Weight Problems Influenced by How We Eat

Saturday, December 13, 2008 by: Lynn Berry
Tags: eating habits, health news, Natural News


Many of us eat with other things going on at the same time, for example, working or playing on the computer, or watching TV. This typically means we are concentrating on something else and we tend to eat fast. When we eat fast, we often don't feel satisfied and tend to eat more.

When we eat fast, we don't give our brain enough time to notify our body when we've had enough. Research in Japan (published in the British Medical Journal Online) found that fast eaters were three times more likely to be overweight especially when they ate until they were full.

This research was conducted with 3,200 Japanese men and women aged 30-69 years between 2003 and 2006 by Professor Hiroyasu Iso and colleagues from Osaka University, Japan.

Clearly we need to be mindful about what we are eating, as well as how we are eating. Our behaviour is a determining factor in weight gain. Another factor in overeating is related to our emotions. Often we eat when we feel down, and we need to be aware of this behavioural pattern if we are to improve our eating habits.

For some people other behavioural factors may influence overeating. For example, after a certain time of overeating, the body is unable to send messages about having eaten enough. People report that because of this they can eat and eat, and never feel full.

Some cultures emphasize the importance of eating and urge you to concentrate on the way you are eating, including chewing the food well and enjoying the food. They also believe it is important to be grateful for the food and to appreciate everything that is involved in putting that food in front of you. Here you are being mindful on one thing.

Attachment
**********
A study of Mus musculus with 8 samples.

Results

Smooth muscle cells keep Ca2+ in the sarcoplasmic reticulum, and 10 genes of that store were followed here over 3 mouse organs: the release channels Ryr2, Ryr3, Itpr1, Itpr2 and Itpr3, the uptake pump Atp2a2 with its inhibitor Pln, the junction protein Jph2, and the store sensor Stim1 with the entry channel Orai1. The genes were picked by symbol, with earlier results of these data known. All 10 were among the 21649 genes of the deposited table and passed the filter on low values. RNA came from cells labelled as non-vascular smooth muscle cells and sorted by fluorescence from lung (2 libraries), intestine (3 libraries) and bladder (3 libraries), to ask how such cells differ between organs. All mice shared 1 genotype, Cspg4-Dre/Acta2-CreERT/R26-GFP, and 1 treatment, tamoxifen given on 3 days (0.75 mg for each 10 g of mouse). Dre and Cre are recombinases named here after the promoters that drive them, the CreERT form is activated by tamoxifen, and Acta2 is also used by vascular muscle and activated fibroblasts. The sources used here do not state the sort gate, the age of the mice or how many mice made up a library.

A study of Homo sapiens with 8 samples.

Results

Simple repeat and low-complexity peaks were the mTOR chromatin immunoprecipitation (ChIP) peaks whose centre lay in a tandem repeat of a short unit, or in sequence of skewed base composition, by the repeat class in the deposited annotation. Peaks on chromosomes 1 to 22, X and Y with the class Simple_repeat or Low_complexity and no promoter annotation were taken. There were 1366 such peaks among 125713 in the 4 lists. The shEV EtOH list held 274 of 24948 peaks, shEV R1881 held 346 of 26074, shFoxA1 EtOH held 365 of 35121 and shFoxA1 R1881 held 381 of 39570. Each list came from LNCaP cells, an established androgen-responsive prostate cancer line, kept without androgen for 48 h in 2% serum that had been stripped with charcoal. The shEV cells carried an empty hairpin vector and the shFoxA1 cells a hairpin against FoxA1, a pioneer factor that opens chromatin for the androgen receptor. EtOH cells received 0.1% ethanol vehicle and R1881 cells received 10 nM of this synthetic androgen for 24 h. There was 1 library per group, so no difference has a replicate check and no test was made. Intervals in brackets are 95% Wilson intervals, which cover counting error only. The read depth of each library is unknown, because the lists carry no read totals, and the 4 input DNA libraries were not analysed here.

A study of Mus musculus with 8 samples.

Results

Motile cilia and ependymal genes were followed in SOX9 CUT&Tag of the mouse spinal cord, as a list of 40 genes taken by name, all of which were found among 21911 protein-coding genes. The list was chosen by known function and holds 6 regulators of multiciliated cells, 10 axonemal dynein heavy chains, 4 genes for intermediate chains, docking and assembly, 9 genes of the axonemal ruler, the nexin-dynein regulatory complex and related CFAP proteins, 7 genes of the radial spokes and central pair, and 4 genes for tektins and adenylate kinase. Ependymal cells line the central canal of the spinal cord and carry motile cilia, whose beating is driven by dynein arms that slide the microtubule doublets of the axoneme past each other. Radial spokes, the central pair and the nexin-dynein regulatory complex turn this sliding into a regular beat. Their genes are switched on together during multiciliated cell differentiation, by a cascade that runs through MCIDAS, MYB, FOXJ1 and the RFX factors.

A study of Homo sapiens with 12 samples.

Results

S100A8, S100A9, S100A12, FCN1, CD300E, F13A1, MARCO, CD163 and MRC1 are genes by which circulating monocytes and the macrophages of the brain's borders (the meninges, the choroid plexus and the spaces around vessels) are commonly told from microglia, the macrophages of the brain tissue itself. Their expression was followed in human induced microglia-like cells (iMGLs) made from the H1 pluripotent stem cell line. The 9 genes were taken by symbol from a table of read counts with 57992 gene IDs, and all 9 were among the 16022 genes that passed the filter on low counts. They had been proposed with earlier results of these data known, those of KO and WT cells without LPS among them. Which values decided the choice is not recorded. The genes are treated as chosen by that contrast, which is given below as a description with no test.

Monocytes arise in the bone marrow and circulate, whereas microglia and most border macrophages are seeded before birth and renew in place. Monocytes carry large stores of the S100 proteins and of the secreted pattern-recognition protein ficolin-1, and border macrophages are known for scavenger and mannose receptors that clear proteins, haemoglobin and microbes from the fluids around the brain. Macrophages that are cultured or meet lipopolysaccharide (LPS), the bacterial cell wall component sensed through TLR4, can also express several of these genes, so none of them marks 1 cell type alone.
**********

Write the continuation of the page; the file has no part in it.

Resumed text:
Eating Tips
(1) Have a break between courses: this is because it takes around 20 minutes for the stomach to register being full.
(2) Chew your food really well: this gets digestion going and helps give you the feeling of being full
(3) Concentrate on eating without the TV, or talking, etc, until you have finished: this helps your brain register you are eating and helps digestion
(4) Avoid eating if you are stressed or very emotional about something: this avoids overeating and problems with digestion

For people who have overeating problems, support can be found with Overeaters Anonymous (OA). The group started in California in 1960, and there are now groups meeting in over 65 countries. Members range in weight with some having moderate control over overeating and others with no control at all.
Overeaters Awareness Week is from November 9-15. OA is free and welcomes anyone needing help with eating problems including overeating, binge eating, as well as anorexia.

Source: "Eat less and enjoy more", by Paula Goodyer, Sydney Morning Herald November 6, 2008

OA links:
USA: www.oa.org
UK: www.oagb.org.uk
Melbourne www.oa.org.au
Sydney: www.oasydney.org

About the author

Lynn Berry is passionate about personal development, natural health care, justice and spirituality. She has a website at www.lynn-berry.com.